St. Paul stadium tax ruled out by voters

by Mike Wereschagin

Norm Coleman threw a hell of a game, but the last pitch for the St. Paul stadium tax was high, and its opponents walked home with a 58 to 42 percent win in Tuesday’s elections.
The proposal would have raised the city’s sales tax 1/2 percent to finance one-third of a new $325 million Minnesota Twins ballpark in St. Paul.
But 58 percent of the voters decided the tax was 1/2 percent too much, so the Twins will remain in Minneapolis. For now.
Bill Lester, executive director of Metropolitan Sports Facilities, the organization that oversees the Metrodome, said the Twins are locked in their lease for one more year.
“After that, they have three one-year lease options,” Lester said, adding that there were no plans for the Twins to leave the state.
“If another city had a stadium to offer them, it might be different. But right now, there is no place for them to go,” Lester said. “They’ll most likely be around for four more years. After that, who knows?”
David St. Peter, the Minnesota Twins senior vice president of business, said the club was disappointed with the election results, but added they had no plans to leave the state when their current lease is up.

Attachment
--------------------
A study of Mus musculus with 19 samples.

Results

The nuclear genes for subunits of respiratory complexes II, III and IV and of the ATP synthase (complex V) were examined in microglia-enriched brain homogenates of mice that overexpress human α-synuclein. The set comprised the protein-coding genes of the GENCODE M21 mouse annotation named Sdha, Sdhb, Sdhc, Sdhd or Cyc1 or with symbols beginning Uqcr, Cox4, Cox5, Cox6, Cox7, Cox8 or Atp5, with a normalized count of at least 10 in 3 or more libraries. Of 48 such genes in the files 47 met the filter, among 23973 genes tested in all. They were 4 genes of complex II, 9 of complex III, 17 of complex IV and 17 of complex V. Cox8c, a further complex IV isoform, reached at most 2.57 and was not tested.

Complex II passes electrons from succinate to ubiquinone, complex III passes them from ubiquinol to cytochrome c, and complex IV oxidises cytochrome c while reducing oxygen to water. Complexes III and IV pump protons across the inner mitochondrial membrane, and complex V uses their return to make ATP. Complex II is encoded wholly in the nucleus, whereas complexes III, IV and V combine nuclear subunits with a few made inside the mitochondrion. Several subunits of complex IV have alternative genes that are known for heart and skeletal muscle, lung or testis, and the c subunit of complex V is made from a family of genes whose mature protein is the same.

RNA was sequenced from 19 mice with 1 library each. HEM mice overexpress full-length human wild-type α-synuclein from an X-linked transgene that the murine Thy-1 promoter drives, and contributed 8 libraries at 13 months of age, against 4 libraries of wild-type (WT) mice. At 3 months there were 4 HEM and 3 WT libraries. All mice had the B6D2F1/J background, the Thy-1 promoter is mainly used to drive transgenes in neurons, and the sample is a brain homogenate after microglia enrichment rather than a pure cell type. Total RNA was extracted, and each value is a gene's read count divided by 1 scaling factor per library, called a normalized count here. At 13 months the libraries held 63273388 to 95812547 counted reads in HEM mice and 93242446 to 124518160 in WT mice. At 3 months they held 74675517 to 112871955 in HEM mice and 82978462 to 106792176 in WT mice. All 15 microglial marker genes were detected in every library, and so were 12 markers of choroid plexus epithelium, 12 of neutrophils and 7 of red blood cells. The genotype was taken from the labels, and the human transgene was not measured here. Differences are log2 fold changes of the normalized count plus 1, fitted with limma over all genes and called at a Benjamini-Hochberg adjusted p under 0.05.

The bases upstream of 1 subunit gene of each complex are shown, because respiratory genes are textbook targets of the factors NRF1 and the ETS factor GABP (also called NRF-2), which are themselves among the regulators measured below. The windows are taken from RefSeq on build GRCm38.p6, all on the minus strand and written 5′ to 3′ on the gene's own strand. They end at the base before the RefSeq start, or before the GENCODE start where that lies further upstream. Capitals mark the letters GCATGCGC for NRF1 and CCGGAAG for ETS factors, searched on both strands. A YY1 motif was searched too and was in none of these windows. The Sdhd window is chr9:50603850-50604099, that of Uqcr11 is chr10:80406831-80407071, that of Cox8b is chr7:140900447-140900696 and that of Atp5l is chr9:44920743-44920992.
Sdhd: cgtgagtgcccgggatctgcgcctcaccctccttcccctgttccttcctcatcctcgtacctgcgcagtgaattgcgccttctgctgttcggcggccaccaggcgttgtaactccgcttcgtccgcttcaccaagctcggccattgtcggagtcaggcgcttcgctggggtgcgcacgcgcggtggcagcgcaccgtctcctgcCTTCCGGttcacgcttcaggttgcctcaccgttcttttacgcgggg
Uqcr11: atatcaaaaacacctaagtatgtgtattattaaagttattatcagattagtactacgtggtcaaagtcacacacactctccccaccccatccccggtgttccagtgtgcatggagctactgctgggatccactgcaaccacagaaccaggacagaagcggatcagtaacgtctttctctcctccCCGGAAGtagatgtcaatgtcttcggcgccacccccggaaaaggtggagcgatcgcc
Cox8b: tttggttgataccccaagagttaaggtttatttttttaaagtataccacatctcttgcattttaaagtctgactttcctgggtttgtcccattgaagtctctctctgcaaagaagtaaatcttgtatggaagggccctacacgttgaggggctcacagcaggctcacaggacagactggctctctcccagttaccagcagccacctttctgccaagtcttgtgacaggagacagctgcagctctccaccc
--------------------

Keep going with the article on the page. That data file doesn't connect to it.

But neither do they have plans to stay.
“Right now, we’re not ruling anything out, and we’re not ruling anything in,” St. Peter said. “We’re just focused on the 2000 season.”
The Twins receive limited advertisement revenue because of the hierarchy of ownership and management at the Metrodome, he said.
“The Twins rank dead last in stadium revenue,” St. Peter said. Despite this, he added that it was too soon to make concrete future plans for the team.
“We just have to let the dust settle a little and set a course for the organization,” he said.
Patrick Seeb, executive director of the St. Paul Riverfront Development Corp., supported the stadium tax along with St. Paul Mayor Norm Coleman.
He was also involved in planning the ballpark to maximize its contribution to downtown St. Paul.
“The people have spoken, and it’s clear they don’t want to pay for a ballpark,” Seeb said, calling the results a missed opportunity. “We’ve lost the opportunity to bring in two million visitors a year to the city.”
He said the research he and others conducted showed that the Twins could not afford to build a stadium in St. Paul and still field a competitive team.
With this defeat, Seeb said he has little hope for the issue being revived any time in the near future.
“There is now no pathway for pro ball to come to this city,” he said.
A proposed billboard ban was also defeated in Tuesday’s elections. The initiative would have classified billboards as public nuisances, removing about half of them from city streets within five years.
The proposal was rejected 53 to 47 percent.
St. Paul-area special-interest groups who supported the initiative expect to bring the issue up again for next year’s elections.

Mike Wereschagin covers city government and welcomes comments at [email protected] He can also be reached at (612) 627-4070 x3226.